The overwhelming anxiety many of us feel on a day-to-day basis is at least partially due to the unprecedented uncertainty we are experiencing in almost every aspect of life. Expert advice and overwhelming amounts of data and information are leaving us with a sense of being unmoored.
Making decisions in such an ambiguous and fluid environment requires dynamic thinking. We need to critically evaluate the choices we make and the possible outcomes they may produce. One underused technique for doing so is to envision failure.
The Pre-mortem Analysis
Research has shown that humans, in general, are overconfident and have a default expectation of good outcomes. We don’t have trouble thinking about success. The use of prospective hindsight, in which we imagine looking back to the present from the future, offers a way to think rigorously about how our decisions can go wrong. In some circles, the technique is known as a pre-mortem analysis. The idea is to study what killed the patient before he actually dies, which, in my humble opinion, seems much more useful to the patient than understanding why he died.
When facing a tough choice, we can think through how each possible selection could go wrong in the future while describing a narrative, connected to the present, of how the path was derailed. The objective is to help diagnose potential failure before it happens. It’s about shifting our perspective to think through possible outcomes and the paths that might lead to them. The result should be a more robust (and, therefore, effective) decision-making process.
Envisioning Failure: In Practice
Consider a company that has been presented with a takeover offer from a larger competitor. One option is for the board to accept the offer. Thinking through a potential failure of that option might mean looking out five years and seeing that the combined firm fell apart because a nimbler, but smaller, competitor successfully pivoted when customer needs changed. Another option is to reject the offer and stay independent. In this case, potential failure might result from cost pressures on the business giving an advantage to size and scale, enabling the dismissed suitor to attract the firm’s current customers. A third option the company could pursue is to combine with a business in an adjacent industry to horizontally or vertically integrate. The management team and board could think through how this option could fail. And so on.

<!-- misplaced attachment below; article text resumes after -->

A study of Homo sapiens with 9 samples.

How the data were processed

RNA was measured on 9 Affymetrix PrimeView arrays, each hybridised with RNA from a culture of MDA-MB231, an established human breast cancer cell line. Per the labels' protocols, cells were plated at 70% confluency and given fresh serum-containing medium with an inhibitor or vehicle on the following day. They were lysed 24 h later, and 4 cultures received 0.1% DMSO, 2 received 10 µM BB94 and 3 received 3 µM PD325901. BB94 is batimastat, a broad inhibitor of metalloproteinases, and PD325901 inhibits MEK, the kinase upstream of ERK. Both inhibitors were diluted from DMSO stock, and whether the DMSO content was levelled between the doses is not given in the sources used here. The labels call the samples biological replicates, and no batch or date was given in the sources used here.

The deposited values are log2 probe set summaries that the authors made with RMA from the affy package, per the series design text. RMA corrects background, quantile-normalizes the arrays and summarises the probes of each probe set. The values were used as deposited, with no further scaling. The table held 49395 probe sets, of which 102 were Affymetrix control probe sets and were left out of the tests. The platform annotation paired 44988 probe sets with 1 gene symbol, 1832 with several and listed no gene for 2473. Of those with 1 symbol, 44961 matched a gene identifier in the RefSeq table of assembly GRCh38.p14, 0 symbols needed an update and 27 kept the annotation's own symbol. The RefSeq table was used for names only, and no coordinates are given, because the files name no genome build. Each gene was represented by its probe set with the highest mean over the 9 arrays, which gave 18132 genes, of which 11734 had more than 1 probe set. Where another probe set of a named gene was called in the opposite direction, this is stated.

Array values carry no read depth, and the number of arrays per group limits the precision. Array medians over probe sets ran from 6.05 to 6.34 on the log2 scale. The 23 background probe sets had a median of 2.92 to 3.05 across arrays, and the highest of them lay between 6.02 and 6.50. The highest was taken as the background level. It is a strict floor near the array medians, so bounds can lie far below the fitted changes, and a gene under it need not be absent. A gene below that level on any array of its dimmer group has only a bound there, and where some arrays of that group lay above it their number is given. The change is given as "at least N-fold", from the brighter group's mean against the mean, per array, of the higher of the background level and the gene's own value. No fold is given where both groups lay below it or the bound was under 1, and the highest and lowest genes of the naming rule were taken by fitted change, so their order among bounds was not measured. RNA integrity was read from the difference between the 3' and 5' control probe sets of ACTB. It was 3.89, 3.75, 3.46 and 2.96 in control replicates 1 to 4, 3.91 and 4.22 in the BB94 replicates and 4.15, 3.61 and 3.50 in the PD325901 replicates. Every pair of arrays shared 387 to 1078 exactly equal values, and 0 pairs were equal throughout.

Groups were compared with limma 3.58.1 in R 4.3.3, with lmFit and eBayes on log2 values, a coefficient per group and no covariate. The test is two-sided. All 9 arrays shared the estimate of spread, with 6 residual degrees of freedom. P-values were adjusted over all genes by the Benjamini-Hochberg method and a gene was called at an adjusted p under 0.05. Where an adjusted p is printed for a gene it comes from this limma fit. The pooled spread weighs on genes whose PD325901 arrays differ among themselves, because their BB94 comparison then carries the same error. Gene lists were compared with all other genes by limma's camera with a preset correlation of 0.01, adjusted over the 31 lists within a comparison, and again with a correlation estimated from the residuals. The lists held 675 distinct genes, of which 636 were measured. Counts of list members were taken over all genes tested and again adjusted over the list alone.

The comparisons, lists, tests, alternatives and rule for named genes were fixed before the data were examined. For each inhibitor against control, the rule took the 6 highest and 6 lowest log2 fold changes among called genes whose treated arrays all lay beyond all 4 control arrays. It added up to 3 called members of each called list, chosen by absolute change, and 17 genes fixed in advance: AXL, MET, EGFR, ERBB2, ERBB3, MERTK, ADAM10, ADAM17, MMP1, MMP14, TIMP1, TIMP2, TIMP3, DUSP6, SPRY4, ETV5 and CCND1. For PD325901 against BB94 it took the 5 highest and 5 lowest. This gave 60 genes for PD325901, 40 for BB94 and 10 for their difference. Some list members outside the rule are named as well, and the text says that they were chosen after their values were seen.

By rigorously considering how each option under consideration could lead to unmitigated failure, a pre-mortem analysis may help avoid the failure under consideration. What’s more, we can all use this technique, regardless of the decision we’re making.
Have you been offered a job in a different division of your company? How might accepting the offer go wrong? Thinking about making an investment in a rental property? What could result in a loss of your money? Contemplating a career change that involves earning a degree or certification? Think about how it could be the worst possible thing to do.
By flipping our perspectives on decisions from a focus on the positive to a focus on the negative, we increase our understanding of the actual decisions. If you think introducing such “false” disagreement into a decision-making process might be a waste of time, consider the wise words of Alfred P. Sloan, the legendary president, chairman and chief executive officer of General Motors. Upon finding his colleagues in complete agreement on a proposed decision, he adjourned a meeting, stating, “If we are all in agreement on the decision, then I propose we postpone further discussion on this matter until our next meeting to give ourselves some time to develop disagreement and perhaps gain some understanding of what the decision is all about.”
Navigating uncertainty is not easy. Envisioning failure is a technique that can help you and your team in your next meeting and, more importantly, it will generate the context in which you can think for yourself.